Oil Gains Ground As Storms Force Shutdowns In U.S. Gulf Of MexicoOil tries to settle above $42.50 as the threat from two storms knocks off more than 1 million barrels per day of oil production.
Oil Video 24.08.20.
First Signs Of A Rebound In U.S. Drilling Activity
The recent Baker Hughes Rig Count report has indicated that the number of active drilling rigs in the U.S. increased by 10 to 254. The number of U.S. rigs drilling for oil grew by 11 to 183.
The report highlighted a sudden rebound in drilling activity which happened a week after the previous report showed that the number of U.S. rigs drilling for oil declined to 172.
At this point, oil traders will have to guess whether the recent oil price stability has pushed U.S. oil producers to increase production. The most recent EIA Weekly Petroleum Status Report indicated that U.S. domestic oil production remained flat at 10.7 million barrles per day (bpd).
The increase in the number of active drilling rigs should ultimately lead to the increase in oil production. However, it remains to be seen whether such increase will be significant.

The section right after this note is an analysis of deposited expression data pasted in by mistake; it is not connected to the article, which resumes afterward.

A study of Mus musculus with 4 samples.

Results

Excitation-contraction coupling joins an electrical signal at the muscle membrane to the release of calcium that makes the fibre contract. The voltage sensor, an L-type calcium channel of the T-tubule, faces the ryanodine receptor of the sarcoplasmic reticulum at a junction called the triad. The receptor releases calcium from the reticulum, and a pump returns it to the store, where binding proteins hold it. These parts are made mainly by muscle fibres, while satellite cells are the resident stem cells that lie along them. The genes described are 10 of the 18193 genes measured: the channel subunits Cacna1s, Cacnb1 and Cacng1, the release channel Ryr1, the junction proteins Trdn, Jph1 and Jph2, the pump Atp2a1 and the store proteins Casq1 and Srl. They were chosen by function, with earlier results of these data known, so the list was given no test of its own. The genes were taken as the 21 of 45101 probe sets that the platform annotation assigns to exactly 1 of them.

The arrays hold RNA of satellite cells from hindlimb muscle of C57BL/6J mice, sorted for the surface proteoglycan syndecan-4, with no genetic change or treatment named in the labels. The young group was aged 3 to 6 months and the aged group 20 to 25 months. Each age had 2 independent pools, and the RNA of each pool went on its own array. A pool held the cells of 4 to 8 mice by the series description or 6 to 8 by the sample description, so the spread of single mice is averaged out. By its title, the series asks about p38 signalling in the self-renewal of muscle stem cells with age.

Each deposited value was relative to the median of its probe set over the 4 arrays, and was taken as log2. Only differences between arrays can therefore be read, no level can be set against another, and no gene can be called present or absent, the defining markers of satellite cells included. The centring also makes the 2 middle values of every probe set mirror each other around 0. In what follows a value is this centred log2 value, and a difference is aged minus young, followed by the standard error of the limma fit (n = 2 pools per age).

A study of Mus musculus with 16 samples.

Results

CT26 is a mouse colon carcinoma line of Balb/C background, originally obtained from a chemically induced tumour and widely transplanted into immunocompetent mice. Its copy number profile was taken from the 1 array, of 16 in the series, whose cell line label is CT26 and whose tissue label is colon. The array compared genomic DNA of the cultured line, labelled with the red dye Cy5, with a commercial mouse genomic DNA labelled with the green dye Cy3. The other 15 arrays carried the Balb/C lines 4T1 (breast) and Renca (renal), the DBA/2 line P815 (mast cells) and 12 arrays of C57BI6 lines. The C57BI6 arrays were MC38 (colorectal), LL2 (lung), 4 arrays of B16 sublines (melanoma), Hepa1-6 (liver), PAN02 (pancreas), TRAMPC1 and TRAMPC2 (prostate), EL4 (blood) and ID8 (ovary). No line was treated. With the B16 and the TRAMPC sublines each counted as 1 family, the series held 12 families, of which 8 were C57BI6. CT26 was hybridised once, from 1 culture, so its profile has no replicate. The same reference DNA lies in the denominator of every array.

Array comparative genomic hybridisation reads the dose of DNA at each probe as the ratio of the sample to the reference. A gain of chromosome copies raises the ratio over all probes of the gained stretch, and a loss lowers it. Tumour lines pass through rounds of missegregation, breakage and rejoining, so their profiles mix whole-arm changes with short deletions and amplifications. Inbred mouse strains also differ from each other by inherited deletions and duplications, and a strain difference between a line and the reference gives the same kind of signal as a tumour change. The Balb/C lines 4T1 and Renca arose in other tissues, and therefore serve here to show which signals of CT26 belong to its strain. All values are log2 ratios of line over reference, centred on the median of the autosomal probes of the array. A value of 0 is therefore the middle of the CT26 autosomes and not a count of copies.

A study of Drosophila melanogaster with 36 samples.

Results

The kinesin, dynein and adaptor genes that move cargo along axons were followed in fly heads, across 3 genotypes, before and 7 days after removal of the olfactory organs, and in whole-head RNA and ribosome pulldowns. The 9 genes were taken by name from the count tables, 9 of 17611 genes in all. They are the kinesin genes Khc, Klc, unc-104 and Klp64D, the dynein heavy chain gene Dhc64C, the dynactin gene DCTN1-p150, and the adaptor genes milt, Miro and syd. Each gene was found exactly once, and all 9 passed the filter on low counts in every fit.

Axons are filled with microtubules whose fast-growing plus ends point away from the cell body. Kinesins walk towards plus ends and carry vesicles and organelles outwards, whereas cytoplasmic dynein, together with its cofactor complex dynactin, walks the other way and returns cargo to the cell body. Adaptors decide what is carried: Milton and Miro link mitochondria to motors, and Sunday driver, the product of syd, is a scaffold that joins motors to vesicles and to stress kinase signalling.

As the demand for oil continues to rebound while the economy recovers from the coronavirus shock, a moderate increase in oil production should not become a major problem for the oil market.
At the same time, traders will closely watch the upcoming rig count reports to see whether the number of U.S. rigs drilling for oil continues to increase.
Two Storms Provide Support To Oil Prices
Two storms, Tropical Storm Laura and Hurricane Marco, have forced U.S. Gulf of Mexico oil producers to shut down more than 1 million bpd of oil production.
Not surprisingly, this event has provided support to oil prices which were under some pressure after the release of Baker Hughes Rig Count report that showed a sudden increase in the number of rigs drilling for oil.
The storms are a temporary bullish factor for oil but traders should note that they will not be able to provide any long-lasting support unless oil producing infrastructure is seriously damaged. Currently, there are no indications of such damage.
Longer term, a sustainable decrease in inventory levels is the main potential catalyst that can push oil prices to higher levels. As the U.S. driving season comes to an end, traders will focus on whether the recent downside trajectory in the inventory levels will be maintained.
For a look at all of today’s economic events, check out our economic calendar.